Minimalism means different things to different people: like art, it’s subjective and it comes in many different forms. Minimalism doesn’t necessarily mean that one must throw away all their belongings, sell their home and car, and go through life free from technology and machines either; doing so without a shred of clothing on their backs while living in the forest like a modern day Tarzan. That’s not minimalism, although it can be. Minimalism is simply a tool to help people rid themselves of certain belongings or things in their lives which may be causing them some form of stress and anxiety: possessions, technology, their job, a partner or spouse, or maybe it is their home or car.
To me, living minimally means to live with in my means: to not exceed what I can’t afford and to not keep up with the Joneses; which in a world where consumerism is rife, it can be hard to not feel or be influenced by a new gadget, clothing line, or brand that someone else may have. Especially in this day and age, where you don’t even have to watch TV to be brainwashed into purchasing something you probably don’t need – now there’s the Internet and social media where you have normal people being paid or sent certain things to influence others (their followers) to go out and purchase the product they’re promoting. I was once one of those people too (never paid) I received things in return for my honest opinion which I would have to declare on my Instagram page to my followers. Now when I get emails offering me something to review, instead of accepting the product to use it once and hoard it, I politely decline their offer, because if I don’t need it then why should I accept and promote it to others?
Minimalism to me, like many other minimalists, is to also lead a clutter-free lifestyle, both mentally and to my physical surroundings: If it has no purpose, no sentimental value, and it doesn’t bring you happiness, then do you really need it? I have been practising this way of living probably for as long as I have been vegan – seven months – and it came after suffering a year-long bout of horrendous depression: with my dark and tainted mindset, I no longer cared much about anything and in turn I was able to put aside a lot of feelings of attachment and rid myself of some much needed clutter – DVDs, Blu-Rays, CDs, Books, Photos, Clothes, Furniture. Thinking back now I do have a few regrets and I wish I had been in a better mindset then, so I wouldn’t have been so hasty in throwing away old memories – old school photos of my prom and items I was gifted – although, I’m sure I’ll get over it – it’s not like any of those people have been there for me since. But also, if I hadn’t had been so reckless, I would have still been holding on to stuff that I didn’t need. Even today, when the depression and anxiety creeps up on me, I find myself absentminded – like last time – sorting and throwing things out, it was as natural then as it is today. So it’s obviously something, that in the back of my mind, I knew would make me happier.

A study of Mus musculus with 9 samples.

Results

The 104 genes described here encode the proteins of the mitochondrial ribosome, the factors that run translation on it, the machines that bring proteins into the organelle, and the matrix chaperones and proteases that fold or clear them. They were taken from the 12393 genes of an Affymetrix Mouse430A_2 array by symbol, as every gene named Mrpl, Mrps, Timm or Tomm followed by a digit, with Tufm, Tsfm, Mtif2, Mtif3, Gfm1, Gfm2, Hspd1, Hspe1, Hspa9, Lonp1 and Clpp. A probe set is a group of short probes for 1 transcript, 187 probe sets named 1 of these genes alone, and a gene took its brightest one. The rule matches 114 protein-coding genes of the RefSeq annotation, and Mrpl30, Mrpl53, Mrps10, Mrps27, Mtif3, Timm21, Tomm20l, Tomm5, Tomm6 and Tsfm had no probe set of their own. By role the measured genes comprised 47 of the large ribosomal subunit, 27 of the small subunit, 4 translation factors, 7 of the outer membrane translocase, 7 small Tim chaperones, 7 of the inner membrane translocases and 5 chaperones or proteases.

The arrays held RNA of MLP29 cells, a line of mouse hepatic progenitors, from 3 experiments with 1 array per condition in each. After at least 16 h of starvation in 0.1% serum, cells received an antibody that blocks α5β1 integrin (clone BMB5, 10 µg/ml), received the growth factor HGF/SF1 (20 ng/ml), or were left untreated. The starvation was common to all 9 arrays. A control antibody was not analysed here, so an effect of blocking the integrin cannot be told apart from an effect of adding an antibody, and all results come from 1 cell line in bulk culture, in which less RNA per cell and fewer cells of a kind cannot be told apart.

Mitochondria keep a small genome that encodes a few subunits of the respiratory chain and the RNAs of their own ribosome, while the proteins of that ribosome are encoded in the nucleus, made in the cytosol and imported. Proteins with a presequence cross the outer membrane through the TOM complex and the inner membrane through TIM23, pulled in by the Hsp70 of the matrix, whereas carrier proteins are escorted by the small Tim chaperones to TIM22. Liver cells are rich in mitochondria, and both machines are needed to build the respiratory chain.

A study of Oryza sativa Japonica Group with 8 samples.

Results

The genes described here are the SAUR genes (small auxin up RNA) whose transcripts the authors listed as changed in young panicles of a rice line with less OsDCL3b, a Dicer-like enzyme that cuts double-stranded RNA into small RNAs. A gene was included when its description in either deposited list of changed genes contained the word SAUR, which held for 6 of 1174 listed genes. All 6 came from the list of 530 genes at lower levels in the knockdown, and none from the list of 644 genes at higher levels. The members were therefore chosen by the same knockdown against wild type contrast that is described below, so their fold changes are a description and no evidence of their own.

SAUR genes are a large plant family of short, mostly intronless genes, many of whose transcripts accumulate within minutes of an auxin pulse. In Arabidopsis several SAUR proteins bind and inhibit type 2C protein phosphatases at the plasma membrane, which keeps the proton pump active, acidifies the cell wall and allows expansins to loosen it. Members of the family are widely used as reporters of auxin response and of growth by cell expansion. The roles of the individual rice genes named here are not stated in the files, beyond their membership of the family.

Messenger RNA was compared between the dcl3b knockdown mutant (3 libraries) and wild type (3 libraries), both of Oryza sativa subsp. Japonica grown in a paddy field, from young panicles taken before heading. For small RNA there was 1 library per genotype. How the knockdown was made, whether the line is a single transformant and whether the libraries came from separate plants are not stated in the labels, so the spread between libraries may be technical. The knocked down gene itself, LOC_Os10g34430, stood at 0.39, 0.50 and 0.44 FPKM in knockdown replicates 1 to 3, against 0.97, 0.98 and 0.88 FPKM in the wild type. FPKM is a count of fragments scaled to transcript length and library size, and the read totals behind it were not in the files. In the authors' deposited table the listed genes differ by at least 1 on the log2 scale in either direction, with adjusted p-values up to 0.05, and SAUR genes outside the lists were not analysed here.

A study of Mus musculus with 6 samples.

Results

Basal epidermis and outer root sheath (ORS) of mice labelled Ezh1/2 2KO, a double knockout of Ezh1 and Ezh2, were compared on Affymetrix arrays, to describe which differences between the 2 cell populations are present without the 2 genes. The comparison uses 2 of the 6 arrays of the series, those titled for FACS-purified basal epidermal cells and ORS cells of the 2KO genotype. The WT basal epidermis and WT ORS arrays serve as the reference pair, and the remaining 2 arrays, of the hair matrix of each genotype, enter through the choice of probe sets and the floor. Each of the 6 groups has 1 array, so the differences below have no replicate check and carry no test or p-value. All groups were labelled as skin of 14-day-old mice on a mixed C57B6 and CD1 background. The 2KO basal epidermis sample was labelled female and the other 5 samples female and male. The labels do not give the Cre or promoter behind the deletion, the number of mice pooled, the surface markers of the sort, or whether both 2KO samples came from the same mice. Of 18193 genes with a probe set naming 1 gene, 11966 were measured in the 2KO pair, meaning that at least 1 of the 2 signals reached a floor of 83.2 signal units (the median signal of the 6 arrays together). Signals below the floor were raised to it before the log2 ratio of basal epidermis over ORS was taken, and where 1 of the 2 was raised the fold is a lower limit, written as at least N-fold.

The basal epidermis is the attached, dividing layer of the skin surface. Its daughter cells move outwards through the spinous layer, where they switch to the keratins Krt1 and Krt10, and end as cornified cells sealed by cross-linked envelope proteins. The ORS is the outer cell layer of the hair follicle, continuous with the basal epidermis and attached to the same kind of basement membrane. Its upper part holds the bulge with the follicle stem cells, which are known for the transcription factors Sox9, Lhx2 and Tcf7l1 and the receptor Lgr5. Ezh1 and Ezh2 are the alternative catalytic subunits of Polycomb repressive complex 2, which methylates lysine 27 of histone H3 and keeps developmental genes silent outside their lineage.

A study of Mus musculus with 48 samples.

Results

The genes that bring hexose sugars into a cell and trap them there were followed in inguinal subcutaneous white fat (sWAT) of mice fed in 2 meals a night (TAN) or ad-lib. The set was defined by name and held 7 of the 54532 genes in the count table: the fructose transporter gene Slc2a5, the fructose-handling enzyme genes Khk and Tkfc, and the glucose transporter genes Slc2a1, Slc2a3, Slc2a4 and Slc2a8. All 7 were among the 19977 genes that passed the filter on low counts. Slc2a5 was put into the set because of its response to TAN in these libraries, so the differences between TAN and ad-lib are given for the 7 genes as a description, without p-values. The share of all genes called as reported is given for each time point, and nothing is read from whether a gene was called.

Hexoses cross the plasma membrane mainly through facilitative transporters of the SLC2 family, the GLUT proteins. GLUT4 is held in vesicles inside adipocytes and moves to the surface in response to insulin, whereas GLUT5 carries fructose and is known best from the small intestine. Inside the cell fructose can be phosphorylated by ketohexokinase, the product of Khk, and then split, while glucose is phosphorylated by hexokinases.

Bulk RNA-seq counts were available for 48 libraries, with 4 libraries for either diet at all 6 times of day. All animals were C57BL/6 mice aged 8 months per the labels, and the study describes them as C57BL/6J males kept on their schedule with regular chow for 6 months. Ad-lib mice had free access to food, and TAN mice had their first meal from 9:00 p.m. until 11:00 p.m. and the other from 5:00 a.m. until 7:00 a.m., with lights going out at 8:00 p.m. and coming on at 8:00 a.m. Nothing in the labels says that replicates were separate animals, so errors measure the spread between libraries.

Much to my surprise, sorting and sifting through all of my belongings, while donating most of it to charity, made me feel a whole lot better and it gave me a sense of relief. It’s a difficult feeling to explain, but it was as if I had been carrying this weight around on my body without realising, then all of a sudden I felt lighter and I could breathe again. Not only did I gain a sense of happiness from eliminating worthless items from my life, but I also achieved space in each room, which in turn made it easier to keep cupboards, shelves, and floors tidier: that made me feel happy because I could keep things tidy; then combined with my diet, my anxiety became more controllable again.
Thankfully, I’m now a lot more sane and a lot wiser than I was back then, plus I understand myself a lot better than I ever have and I’ve come to realise that purchasing and spending money on things that I ‘think’ I need and want, is just me trying to fill a void inside myself, because in reality I am deeply unhappy and lonely. It’s a weird concept when you think about it: spending money on material things in order to bring us ‘happiness’; when actually, we’re just frivolously spending money and probably putting ourselves in unnecessary debt instead.
So, if you’re finding yourself in a bit of a rut this new year; unsure of where to put all of the new toys, books, and cooking equipment that you or your child may have received last Christmas. Then take a look around you and see what you really need: throw or donate anything that is broken, missing pieces, or has become too small and no longer fits you or your kids – and start decluttering. I promise you, you will feel so much better after it’s done. And next time you are tempted by a pair of new shoes, a new house gadget, or a new piece of technology; ask yourself these questions – Do I really need it? How much use will I get from it? Will it make me happy? And then make your decision based on your answers.
For me, I plan to continue my declutter throughout 2017 and also cut back drastically on my food and crockery bill while also spending less time on social media and in front of the TV. I plan to start experiencing more slow and quiet moments, and maybe even finish that book I started three years ago – To Kill A Mockingbird – I may also take up yoga and meditation to bring some more, much needed calmness to my life. There’s also a few more things that I need to do and ones which are necessary so that I can find my own independence in this world, but for right now I need to find peace within myself and accept my life for what it is – a bloody disaster, but with a few less material things.